Table for Three


A gentleman walked in and he and his teenage son sat at the other end of the table.  After a moment, he approached a server, and I overheard him say that he had a party of eleven on the way.  They were going to need the whole table, where I sat, or to push other tables together.  They both glanced my way, but didn’t say anything to me.

My initial thoughts were not overly generous.  Nope, not happening.  We were here first.  They can’t have the entire table.  They are just going to have to wait until we are finished eating.  I’m not moving.  I could feel my body tense as I became defensive and possessive.

But then, in a moment of clarity, I looked around the room, just to see if there were any vacancies.  Another father and his son dressed in his boy scout uniform (yes, really, a boy scout) had recently exited the restaurant leaving a table with two seats.  On further inspection, I saw an extra chair sitting alone against another wall.  A family had abandoned the chair in favor of a highchair for their baby.  All I had to do was grab the chair and sit down at the other table to make it a table for three.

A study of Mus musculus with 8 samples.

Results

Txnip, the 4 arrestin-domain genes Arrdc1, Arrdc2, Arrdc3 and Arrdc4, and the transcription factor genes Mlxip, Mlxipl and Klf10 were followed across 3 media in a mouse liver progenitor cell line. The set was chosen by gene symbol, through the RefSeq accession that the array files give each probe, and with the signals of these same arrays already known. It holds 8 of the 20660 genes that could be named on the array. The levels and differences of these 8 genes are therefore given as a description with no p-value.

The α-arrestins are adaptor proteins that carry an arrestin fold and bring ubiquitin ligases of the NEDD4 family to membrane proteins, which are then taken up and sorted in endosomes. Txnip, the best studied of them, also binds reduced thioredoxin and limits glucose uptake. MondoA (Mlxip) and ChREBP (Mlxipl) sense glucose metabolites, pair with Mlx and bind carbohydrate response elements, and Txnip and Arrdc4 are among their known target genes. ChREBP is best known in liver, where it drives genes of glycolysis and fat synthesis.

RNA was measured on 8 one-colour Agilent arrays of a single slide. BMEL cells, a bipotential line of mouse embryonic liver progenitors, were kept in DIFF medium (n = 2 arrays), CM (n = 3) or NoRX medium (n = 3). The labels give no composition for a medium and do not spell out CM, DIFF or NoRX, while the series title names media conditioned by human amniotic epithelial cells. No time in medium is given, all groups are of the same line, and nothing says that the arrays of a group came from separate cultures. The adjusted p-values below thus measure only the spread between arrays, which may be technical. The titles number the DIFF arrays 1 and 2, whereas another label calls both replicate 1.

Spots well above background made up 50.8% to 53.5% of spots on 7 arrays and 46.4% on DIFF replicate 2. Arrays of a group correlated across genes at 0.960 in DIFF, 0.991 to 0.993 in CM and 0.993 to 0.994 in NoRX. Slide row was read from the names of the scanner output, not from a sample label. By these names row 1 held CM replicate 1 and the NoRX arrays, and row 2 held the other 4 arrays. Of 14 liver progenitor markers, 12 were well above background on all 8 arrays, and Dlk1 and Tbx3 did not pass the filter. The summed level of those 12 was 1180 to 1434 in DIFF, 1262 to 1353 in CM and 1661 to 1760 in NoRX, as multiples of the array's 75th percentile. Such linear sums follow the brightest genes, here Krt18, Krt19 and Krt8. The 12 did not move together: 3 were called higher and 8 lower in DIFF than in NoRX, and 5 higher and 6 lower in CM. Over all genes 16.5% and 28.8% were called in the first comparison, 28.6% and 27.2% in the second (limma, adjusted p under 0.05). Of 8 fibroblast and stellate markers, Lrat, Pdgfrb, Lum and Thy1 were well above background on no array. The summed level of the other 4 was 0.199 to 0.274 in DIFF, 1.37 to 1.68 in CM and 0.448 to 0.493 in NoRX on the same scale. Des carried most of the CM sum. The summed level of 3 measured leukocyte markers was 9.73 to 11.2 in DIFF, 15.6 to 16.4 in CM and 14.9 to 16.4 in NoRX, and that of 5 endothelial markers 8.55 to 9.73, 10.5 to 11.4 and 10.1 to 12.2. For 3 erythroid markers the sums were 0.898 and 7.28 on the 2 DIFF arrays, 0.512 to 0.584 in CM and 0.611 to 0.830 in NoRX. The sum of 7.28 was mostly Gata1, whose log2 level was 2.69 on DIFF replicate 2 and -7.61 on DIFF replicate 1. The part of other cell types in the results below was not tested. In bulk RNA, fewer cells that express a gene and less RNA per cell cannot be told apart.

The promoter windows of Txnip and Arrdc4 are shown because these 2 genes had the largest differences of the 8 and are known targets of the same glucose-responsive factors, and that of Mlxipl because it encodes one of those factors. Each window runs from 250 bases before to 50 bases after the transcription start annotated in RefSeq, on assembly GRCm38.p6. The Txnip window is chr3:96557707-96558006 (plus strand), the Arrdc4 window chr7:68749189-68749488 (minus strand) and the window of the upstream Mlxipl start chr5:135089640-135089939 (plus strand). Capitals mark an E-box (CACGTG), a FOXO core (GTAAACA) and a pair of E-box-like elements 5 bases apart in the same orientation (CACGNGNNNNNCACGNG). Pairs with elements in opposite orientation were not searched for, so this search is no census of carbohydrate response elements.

I got up and told the man needing the large table that he could have the entire table.  We would move to the smaller one.  He protested at first.  He said it wasn’t necessary.  His group wouldn’t arrive for a few more minutes, he said.  No, I insisted.  We could move to the smaller table.  It wasn’t a hardship.  He thanked me profusely.

I waved at my friends to tell them I’d moved when they returned from the counter.  I explained what had transpired, including my thought process that focused entirely on the scarcity of seats and my need to hold on to what was ours.  I was embarrassed that I’d been ready to dig in my heels to keep our seats when all I had to do was open my eyes to see the space that was appearing all around us.

We ate.  The man’s large group arrived.  During our meal, the man approached our table, said thank you again, and handed me a frosted sugar cookie in the shape of a heart.  I was surprised and delighted.

When I became entrenched in getting my own way, I couldn’t see the other options in front of me.  When I got out of my own way and saw the possibilities though, my heart and the love in the room grew beyond my expectations.

A heart cookie was a delicious end to a meal, a great start to the weekend, and a beautiful symbol of a lesson learned.